Widgets Magazine

Getting Middle America into Home Automation

On our most recent AVWeek, one of the stories was from our friends at CE Pro. It detailed the hiring of a new home automation evangelist for Home Depot. The idea is that they will begin to encourage the Home Depot employees to begin introducing their line of home automation products to their customer base.
A number of the panelists on the episode noted the issues with this idea. Among them is the inability of the employee base to successfully relay the features and benefits of such a system. There is something to be said for this argument. The employees of most box home improvement stores are not burgeoning control programmers. However, Sam Malik made a good point. That is to give the employees the control products and let them get their hands on them. This is also a great way to get your employees excited about control and automation.
Now, there is another problem with the Home Depot-ing of control and automation. It is just enough to get them interested. You need to partner with the box stores that sell these entry level products. These products allow integrators to begin with the basics then introduce their clients into the deeper levels of what is possible with control.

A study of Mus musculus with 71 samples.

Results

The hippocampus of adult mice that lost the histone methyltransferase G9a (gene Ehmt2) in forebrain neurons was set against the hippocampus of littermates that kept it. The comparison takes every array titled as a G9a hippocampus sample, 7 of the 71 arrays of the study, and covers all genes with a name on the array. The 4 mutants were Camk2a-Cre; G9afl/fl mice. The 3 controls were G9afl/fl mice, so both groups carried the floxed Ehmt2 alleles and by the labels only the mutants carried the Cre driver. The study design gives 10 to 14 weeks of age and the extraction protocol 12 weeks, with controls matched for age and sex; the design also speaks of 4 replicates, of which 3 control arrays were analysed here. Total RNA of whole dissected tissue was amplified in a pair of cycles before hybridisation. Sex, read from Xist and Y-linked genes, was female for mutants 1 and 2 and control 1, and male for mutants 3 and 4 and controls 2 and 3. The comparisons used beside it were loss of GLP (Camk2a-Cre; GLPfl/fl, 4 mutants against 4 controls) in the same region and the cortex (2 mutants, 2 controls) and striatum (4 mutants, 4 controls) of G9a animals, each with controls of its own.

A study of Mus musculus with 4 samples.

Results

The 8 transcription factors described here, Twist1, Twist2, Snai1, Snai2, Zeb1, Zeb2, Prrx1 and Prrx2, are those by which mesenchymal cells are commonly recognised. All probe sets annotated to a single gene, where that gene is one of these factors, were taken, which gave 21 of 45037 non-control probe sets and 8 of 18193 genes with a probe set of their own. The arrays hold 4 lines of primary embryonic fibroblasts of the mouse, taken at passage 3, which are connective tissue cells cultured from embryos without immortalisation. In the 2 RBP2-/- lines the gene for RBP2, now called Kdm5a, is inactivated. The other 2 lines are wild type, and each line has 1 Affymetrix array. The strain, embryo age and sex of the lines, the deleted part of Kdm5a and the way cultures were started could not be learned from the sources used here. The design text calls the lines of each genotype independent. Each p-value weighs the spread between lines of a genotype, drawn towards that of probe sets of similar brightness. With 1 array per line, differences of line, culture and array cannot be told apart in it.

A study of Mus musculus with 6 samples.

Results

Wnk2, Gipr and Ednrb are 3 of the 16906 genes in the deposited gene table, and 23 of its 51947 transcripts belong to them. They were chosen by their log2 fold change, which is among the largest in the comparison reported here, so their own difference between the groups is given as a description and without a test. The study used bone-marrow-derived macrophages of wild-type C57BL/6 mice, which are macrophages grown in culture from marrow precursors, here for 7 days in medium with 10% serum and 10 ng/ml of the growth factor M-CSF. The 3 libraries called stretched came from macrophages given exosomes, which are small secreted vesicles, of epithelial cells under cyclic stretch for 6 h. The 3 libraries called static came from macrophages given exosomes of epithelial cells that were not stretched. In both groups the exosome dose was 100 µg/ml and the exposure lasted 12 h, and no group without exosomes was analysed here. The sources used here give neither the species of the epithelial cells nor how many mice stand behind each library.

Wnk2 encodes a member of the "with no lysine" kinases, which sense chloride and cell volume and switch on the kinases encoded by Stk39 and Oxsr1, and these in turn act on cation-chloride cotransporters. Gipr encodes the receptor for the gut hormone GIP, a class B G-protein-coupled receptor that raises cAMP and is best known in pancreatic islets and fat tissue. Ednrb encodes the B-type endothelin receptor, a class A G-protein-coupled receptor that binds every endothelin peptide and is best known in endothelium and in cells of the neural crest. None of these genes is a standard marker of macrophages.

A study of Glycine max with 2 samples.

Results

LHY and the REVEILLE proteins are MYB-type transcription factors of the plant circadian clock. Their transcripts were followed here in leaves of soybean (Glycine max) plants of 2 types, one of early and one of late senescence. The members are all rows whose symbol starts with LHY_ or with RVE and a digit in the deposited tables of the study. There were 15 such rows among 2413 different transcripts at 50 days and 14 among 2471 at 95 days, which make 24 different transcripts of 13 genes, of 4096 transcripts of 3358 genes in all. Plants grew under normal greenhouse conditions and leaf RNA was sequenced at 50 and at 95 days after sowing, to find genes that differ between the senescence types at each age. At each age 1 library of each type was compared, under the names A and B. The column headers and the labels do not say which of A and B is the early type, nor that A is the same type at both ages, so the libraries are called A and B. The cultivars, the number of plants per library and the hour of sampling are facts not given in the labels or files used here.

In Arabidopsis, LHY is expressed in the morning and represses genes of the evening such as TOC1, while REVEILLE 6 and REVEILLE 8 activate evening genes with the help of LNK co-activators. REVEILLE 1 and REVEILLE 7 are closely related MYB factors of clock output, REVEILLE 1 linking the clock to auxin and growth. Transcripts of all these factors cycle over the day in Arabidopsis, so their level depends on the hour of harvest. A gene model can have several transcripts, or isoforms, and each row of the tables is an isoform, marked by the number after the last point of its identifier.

This market is primed for a huge explosion in the next few years. If you get yourself into position to take advantage of it, it will serve you well. With products like Crestron Pyng and other configuration products like it allow you to create some pretty amazing things. Just remember, the middle market does not have the budget of your higher income clients. This is where managing expectations comes into play. Make certain you show and tell them what is possible, but also the price tags that come along with it.
Thanks for taking the time to read my blog. Have a great week.

About Author

Tim Albright is the founder of AVNation and is the driving force behind the AVNation network. He carries the InfoComm CTS, a B.S. from Greenville College and is pursuing an M.S. in Mass Communications from Southern Illinois University at Edwardsville. When not steering the AVNation ship, Tim has spent his career designing systems for churches both large and small, Fortune 500 companies, and education facilities.